08/30/2011 | | Travel Writer | Travel

Good weather, it turns out, is a relative concept.

When the sun comes out over Santorini, nobody pays any attention. It’s a fact of life, like seagulls and tourists.

But watching the sun come out over the Wadden Sea Islands — an archipelago off the Dutch coast — is like watching a miracle unfold.

08/23/2011 | | Travel Writer | Travel

It’s fascinating to me how differently travelers can perceive the same place.

For Americans, Barcelona — Europe in general, for that matter — is a cultural destination. We come to tour the architecture of Gaudi, see the museums of Dali and Miro, walk through Catalonia’s ancient Jewish ghettos, and sample the molecular gastronomy for which the region is lately famous.

08/09/2011 | | Travel Writer | Travel

The best souvenir I ever heard of was a giant wheel of cheese that my friend Era smuggled out of her native Albania.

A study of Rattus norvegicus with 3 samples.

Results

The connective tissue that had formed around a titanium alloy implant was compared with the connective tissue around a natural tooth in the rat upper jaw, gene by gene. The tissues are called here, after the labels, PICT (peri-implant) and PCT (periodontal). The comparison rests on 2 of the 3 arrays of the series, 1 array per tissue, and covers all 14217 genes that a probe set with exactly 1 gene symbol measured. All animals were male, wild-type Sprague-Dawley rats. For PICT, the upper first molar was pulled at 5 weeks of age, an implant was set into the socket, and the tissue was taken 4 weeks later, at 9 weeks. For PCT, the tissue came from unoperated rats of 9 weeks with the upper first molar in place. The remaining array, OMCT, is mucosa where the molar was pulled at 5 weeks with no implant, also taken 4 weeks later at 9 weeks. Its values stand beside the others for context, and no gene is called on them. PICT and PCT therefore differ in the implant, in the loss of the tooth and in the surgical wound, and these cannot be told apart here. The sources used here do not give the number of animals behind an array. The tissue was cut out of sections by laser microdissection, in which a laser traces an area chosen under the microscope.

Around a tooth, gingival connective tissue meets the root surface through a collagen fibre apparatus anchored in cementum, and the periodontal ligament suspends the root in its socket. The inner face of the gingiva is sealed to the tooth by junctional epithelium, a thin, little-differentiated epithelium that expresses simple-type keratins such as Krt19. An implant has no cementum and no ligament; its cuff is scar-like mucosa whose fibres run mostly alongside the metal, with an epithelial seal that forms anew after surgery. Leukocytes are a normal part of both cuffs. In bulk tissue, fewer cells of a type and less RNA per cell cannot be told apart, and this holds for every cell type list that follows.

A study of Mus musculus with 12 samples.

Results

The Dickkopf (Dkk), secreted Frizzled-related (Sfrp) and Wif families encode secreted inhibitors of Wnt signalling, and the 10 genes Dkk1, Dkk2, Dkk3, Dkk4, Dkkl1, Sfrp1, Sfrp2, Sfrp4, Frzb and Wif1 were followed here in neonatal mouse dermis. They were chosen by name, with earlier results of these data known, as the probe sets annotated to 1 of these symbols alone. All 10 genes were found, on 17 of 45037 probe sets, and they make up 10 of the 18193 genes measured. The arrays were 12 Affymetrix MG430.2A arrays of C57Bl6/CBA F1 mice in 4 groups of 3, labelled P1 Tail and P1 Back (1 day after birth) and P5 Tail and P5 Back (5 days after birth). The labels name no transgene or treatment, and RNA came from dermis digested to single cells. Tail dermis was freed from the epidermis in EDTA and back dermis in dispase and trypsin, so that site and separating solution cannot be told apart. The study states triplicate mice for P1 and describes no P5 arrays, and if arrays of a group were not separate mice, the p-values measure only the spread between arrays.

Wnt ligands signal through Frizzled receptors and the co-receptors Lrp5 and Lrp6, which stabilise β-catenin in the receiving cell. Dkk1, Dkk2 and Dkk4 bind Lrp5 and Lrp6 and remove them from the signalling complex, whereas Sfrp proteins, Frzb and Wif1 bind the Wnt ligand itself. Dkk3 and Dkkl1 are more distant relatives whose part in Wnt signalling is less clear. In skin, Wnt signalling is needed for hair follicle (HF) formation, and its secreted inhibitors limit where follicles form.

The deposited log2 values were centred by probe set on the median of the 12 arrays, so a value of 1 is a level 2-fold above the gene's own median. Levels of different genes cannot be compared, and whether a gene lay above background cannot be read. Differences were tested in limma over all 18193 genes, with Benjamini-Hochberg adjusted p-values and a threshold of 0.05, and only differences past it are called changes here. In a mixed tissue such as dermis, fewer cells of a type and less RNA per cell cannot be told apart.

This was not just any cheese. It was 20 pounds of stinky, sheep-milk kashkaval, the hard cheese found throughout the Balkans. And of course, such an item is virtually guaranteed to be on the U.S. Customs no-no list for importation; had they searched her luggage and found the wheel, it could have been quite the scene. But they didn’t, and Era was eating Albanian sheep cheese all year.

08/02/2011 | | Travel Writer | Travel

There was a time when a vacation in Argentina automatically meant Buenos Aires. The country’s capital city — home to tango, Latin America’s biggest Jewish community and a third of the Argentine population — was, for many North Americans, the only place on the tourism radar.

07/26/2011 | | Travel Writer | Travel

In the nicest possible way, very little ever changes on Martha’s Vineyard, an island of green cliffs and shingled cottages off the coast of Cape Cod.

For decades, the Vineyard week has followed a delightfully predictable schedule. Wednesday and Saturday mornings bring the farmer’s market at West Tisbury; everyone stocks up on local lettuce, beans and flowers for weekend dinners.

07/19/2011 | | Jewish Week Correspondent | Travel

You hear a lot about Detroit these days, and not too much of it is positive. You hear about the travails of the long-struggling automobile industry, the staggering unemployment rate and the inexorable population decline. They're all related, of course, and together these facts tend to cement the image of a once-mighty metropolis now past its prime.